Nudibranch sea slugs are known for being feeding specialists, sometimes eating only a single food item. The predatory Pleurobranchaea californica is a big exception, as it will try just about any food item once.

P. californica occurs in deep waters off the western U.S. coast. Like other sea slugs, it has a relatively simple nervous system and a small range of behaviors; as such, it would be pretty easy to assume that the species has little capacity for learning, particularly with regards to food selection. However, findings from research described in the Journal of Experimental Biology suggest that despite being a generalist feeder, P. californica is quite selective—albeit on a case-by-case basis—in its food choices. This selectivity is driven not solely by instinct, but by the sway of operant conditioning.

Studies of the slug’s feeding habits were carried out after a chance occurrence observed by University of Illinois molecular and integrative physiology professor (and research paper author) Rhino Gillette. One day, while entertaining a visitor to his lab, Gillette offered to feed a live Spanish shawl (another nudibranch species) to a P. californica specimen he was keeping. As expected, the predator advanced towards its prey. But, after taking a bite and getting stung, it turned away to make an avoidance turn. Gillette took the Spanish shawl out of the tank. Then, out of curiosity, Gillette returned the Spanish shawl to the tank with the P. californica. Most unexpectedly, as the predator detected the presence of its prey, it abruptly turned away to make an avoidance turn. Gillette was stunned.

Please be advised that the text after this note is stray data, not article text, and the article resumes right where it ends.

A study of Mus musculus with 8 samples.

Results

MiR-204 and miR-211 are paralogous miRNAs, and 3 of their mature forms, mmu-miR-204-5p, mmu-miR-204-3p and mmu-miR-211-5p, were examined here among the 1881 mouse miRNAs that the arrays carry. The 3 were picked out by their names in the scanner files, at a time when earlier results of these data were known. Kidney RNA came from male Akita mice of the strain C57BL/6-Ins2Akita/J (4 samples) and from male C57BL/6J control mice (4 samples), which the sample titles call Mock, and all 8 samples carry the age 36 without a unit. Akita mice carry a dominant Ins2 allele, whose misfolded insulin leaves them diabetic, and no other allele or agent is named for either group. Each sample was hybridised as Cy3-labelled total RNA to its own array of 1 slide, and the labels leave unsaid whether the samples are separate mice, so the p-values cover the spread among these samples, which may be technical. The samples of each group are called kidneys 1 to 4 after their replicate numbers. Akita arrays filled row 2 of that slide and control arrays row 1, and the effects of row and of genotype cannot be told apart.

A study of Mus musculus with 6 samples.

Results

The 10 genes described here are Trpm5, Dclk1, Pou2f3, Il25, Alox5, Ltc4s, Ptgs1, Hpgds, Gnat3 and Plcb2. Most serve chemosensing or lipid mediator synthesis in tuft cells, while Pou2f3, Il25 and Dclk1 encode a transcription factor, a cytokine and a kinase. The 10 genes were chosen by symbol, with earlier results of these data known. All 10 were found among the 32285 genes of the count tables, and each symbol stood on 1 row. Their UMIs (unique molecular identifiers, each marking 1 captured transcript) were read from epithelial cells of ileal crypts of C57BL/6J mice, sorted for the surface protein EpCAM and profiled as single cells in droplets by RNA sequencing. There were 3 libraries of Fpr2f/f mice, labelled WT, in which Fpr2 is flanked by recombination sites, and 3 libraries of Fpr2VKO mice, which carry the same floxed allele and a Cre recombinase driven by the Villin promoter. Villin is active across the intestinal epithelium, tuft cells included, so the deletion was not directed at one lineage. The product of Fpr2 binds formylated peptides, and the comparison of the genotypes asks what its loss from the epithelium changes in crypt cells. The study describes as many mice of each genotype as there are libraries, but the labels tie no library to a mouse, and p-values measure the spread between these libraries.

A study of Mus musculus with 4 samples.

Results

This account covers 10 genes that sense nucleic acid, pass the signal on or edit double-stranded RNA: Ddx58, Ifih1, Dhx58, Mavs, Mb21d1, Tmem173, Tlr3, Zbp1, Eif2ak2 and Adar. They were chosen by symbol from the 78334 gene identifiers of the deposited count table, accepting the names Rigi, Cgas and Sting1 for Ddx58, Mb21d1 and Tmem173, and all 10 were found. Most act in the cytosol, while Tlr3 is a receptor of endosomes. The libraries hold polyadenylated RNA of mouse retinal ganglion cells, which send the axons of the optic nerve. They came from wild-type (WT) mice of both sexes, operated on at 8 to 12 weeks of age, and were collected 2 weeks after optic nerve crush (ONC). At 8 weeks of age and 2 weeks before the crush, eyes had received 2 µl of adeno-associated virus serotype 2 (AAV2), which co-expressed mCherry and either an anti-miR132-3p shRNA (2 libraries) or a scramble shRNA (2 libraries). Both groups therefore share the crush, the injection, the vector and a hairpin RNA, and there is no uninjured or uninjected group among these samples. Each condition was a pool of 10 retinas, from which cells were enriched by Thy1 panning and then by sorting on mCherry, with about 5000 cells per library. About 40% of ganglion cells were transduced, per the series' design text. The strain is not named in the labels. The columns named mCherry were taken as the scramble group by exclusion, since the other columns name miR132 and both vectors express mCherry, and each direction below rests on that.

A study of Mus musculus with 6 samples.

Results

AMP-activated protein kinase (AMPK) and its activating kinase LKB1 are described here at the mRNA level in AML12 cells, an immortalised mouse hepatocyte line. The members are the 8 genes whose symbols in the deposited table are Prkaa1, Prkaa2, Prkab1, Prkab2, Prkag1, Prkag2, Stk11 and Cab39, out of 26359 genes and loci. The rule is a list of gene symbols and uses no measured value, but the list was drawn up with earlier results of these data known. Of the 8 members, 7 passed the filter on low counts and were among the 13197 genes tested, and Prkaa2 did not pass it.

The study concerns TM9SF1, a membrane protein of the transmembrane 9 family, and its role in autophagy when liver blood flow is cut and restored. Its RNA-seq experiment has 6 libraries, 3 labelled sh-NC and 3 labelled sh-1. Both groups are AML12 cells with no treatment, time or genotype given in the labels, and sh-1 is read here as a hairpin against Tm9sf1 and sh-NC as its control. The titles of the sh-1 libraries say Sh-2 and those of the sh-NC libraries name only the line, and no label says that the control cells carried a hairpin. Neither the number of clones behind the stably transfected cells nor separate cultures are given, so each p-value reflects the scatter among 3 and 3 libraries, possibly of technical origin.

The Spanish shawl, Flabellina iodinea, only eats a particular species of hydroid. It digests the hydroid’s entire body–except for its stinging cells, or nematocysts. The slug transports the nematocysts to the upper surface its body, where they are employed in the slug’s defense. Gillette’s P. californica was clearly deterred by the Spanish shawl’s defenses; that much was clear and not so surprising. What was remarkable about the interaction was the predator’s subsequent avoidance of the would-be prey. Says Gillett, “I had never seen that before! We began testing them and found that they were learning the odor of the Spanish shawl very specifically and selectively.” But even after encounters with the stinging prey, the predator would unhesitantly attack an unstinging species closely related to Flabellina called the opalescent sea slug, Hermissenda crassicornis.


Gillette explains, “finding this highly selective type of learning enlarges our perspective of function, in terms of the animal’s ability to make cost-benefit decisions that place it on a rather higher plane of cognitive ability than previously thought for many sea slugs.” In simpler terms, Pleurobranchaea spp. (and maybe all nudibranchs) are not nearly as simple as they were previously believed to be.